An appeals court said Monday it retains jurisdiction to decide military-custody issue.

By Staff writer / June 13, 2007


Suspected Al Qaeda sleeper agent Ali Saleh al-Marri had been held for four years in military detention – with no indication from the US government when or how his imprisonment might end.


On Monday, that difference proved decisive in prompting a federal appeals court panel to reject what had been a sweeping argument by the Justice Department. Citing the recently enacted Military Commissions Act of 2006, government lawyers last fall said the law had stripped the federal courts of jurisdiction to hear Marri's case.

As a noncitizen who had been designated an enemy combatant, Marri had no right to test the legality of his indefinite detention through the usual habeas corpus process even though he was in the US under a valid student visa at the time of his arrest.

Legal scholars had highlighted the dire implications of the government's position. "Such a statutory construction would create an unprecedented and unconstitutional distinction between the rights of citizens and non-citizens and would permit the government to effectively 'disappear' non-citizens into legal black holes," wrote New York lawyer Paul Smith in a friend-of-the-court brief filed on behalf of the Center for National Security Studies.

In its 86-page decision released on Monday, the Fourth Circuit Court of Appeals agreed with that basic argument, rejecting the Bush administration's broad assertion that the courts had been stripped of jurisdiction. All three judges on the panel agreed that the Military Commissions Act did not undercut Marri's constitutional right to the protections of habeas corpus. As a person present on US soil he is entitled to such protection, the court said.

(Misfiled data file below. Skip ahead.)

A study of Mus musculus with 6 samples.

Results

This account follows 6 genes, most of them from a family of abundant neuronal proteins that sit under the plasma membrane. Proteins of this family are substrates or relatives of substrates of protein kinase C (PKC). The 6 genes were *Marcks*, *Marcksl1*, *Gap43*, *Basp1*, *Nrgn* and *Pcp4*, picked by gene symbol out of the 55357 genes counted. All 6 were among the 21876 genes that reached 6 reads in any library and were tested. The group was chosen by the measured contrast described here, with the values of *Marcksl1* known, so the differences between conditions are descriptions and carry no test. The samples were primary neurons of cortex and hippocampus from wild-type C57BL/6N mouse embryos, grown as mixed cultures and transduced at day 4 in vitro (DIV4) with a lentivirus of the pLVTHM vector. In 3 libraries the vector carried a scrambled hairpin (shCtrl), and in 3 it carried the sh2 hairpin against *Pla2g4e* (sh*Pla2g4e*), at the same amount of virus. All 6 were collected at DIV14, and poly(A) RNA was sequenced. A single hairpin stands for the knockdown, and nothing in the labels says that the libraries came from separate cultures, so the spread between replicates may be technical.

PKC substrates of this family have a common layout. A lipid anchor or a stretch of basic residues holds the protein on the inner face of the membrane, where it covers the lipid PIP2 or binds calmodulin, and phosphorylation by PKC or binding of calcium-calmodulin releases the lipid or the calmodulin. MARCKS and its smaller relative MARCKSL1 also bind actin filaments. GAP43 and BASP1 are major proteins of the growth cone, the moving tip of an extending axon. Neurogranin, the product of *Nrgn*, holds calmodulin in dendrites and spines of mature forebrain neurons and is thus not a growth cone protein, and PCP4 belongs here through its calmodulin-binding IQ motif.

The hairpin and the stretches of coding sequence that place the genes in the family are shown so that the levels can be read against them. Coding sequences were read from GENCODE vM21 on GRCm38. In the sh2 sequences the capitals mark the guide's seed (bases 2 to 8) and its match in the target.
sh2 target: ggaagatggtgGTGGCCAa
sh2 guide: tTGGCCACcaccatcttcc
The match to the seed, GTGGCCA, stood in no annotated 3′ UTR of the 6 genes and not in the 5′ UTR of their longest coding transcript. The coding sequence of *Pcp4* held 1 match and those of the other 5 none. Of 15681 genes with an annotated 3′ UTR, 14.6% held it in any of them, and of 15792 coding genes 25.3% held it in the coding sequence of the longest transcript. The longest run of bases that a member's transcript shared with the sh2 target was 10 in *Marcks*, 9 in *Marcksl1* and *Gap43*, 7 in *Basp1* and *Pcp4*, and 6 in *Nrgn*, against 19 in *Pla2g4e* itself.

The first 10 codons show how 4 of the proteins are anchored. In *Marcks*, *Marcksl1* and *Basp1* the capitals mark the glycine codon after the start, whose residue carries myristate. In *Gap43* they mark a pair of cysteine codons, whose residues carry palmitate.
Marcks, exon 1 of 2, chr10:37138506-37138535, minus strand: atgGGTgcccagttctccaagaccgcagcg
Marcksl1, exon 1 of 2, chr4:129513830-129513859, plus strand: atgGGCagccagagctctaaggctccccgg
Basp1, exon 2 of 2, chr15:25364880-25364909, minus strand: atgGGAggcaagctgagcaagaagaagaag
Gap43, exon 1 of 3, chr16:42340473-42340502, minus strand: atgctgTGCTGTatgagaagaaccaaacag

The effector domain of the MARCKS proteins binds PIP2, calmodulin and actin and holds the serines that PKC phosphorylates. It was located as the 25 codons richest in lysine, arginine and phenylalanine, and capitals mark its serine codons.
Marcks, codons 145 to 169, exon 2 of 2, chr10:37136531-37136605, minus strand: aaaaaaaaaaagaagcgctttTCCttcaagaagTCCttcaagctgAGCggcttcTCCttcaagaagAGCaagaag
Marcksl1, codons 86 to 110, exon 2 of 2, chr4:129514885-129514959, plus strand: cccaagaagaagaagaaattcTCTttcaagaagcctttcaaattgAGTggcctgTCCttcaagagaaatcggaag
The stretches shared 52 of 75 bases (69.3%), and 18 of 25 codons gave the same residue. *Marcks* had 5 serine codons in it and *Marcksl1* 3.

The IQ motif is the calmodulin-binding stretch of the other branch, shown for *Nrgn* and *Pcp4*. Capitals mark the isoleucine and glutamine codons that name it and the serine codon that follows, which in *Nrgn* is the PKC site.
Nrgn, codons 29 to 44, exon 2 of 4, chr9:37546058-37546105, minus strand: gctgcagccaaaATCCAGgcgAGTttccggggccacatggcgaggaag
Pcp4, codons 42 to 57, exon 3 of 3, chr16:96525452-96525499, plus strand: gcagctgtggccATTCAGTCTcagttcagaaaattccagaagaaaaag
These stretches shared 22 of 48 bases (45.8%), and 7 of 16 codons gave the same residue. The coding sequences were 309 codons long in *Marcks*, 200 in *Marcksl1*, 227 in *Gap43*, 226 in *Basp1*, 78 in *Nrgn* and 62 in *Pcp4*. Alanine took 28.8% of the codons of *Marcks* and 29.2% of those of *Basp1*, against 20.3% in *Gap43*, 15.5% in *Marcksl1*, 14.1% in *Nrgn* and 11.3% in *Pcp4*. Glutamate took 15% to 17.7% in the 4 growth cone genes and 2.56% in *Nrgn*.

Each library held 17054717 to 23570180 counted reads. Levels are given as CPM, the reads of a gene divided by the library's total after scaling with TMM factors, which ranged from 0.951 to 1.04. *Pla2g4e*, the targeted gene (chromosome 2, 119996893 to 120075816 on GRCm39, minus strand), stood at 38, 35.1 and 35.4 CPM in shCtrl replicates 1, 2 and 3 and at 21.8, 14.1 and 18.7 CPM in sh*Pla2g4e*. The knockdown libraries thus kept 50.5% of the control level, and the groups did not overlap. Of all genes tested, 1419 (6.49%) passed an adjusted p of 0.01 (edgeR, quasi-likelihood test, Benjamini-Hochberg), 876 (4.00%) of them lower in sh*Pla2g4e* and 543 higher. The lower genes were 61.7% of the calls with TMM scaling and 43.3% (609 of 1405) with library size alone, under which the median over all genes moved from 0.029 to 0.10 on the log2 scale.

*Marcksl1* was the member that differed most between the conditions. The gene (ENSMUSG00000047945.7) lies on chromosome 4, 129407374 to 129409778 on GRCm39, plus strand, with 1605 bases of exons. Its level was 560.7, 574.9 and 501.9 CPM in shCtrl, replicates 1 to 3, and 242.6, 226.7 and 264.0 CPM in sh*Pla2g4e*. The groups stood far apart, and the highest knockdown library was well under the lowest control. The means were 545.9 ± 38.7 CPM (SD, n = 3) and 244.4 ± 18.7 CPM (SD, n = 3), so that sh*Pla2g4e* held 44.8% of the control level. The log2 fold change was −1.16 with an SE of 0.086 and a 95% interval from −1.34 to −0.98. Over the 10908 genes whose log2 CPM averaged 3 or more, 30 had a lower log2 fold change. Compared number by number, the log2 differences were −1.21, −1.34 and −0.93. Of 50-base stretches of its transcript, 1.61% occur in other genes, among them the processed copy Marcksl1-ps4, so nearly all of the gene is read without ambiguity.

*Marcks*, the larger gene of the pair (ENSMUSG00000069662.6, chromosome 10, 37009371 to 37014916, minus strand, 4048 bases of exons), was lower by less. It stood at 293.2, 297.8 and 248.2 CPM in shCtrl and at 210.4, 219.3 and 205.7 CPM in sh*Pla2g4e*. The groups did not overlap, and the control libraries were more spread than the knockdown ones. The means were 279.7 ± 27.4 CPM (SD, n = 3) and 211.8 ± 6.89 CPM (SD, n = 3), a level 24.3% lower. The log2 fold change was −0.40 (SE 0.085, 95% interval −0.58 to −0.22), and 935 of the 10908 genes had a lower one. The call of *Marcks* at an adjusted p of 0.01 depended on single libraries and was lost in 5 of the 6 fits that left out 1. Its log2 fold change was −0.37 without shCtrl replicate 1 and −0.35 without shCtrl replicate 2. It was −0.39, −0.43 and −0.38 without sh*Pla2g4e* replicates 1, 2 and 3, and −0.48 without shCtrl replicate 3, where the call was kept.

But the appeals court panel split, 2-to-1, on how other constitutional protections should apply to Marri. Judges Diana Gribbon Motz and Roger Gregory concluded that President Bush overstepped his authority when he ordered Marri's indefinite detention as an enemy combatant. US District Judge Henry Hudson dissented to that portion of the ruling.

Specifically the majority judges said the president's actions were not authorized under Congress's 2001 Authorization for Use of Military Force against Al Qaeda. In addition, they said the indefinite detention was not authorized under the president's inherent constitutional authority as commander in chief.

The judges ordered Marri's release from military custody. But that order is expected to be stayed pending a government appeal to the entire Fourth Circuit.

The appeals process will likely take at least three to four months and could set the stage for a sharply divided court, says University of Richmond Law School Professor Carl Tobias.

Professor Tobias says the court's chief judge is expected to move from active status to senior status in July. He says the remaining active judges might split, 6-to-5, on the central issues of presidential authority in the Marri case. "It is very close," he says.

The jurisdictional issue may be another matter.

It is unclear whether the government will seek to revive its argument that the Military Commissions Act strips the court of jurisdiction to hear Marri's case.

In her ruling on the jurisdiction question, Judge Motz noted an inconsistency in the government's argument.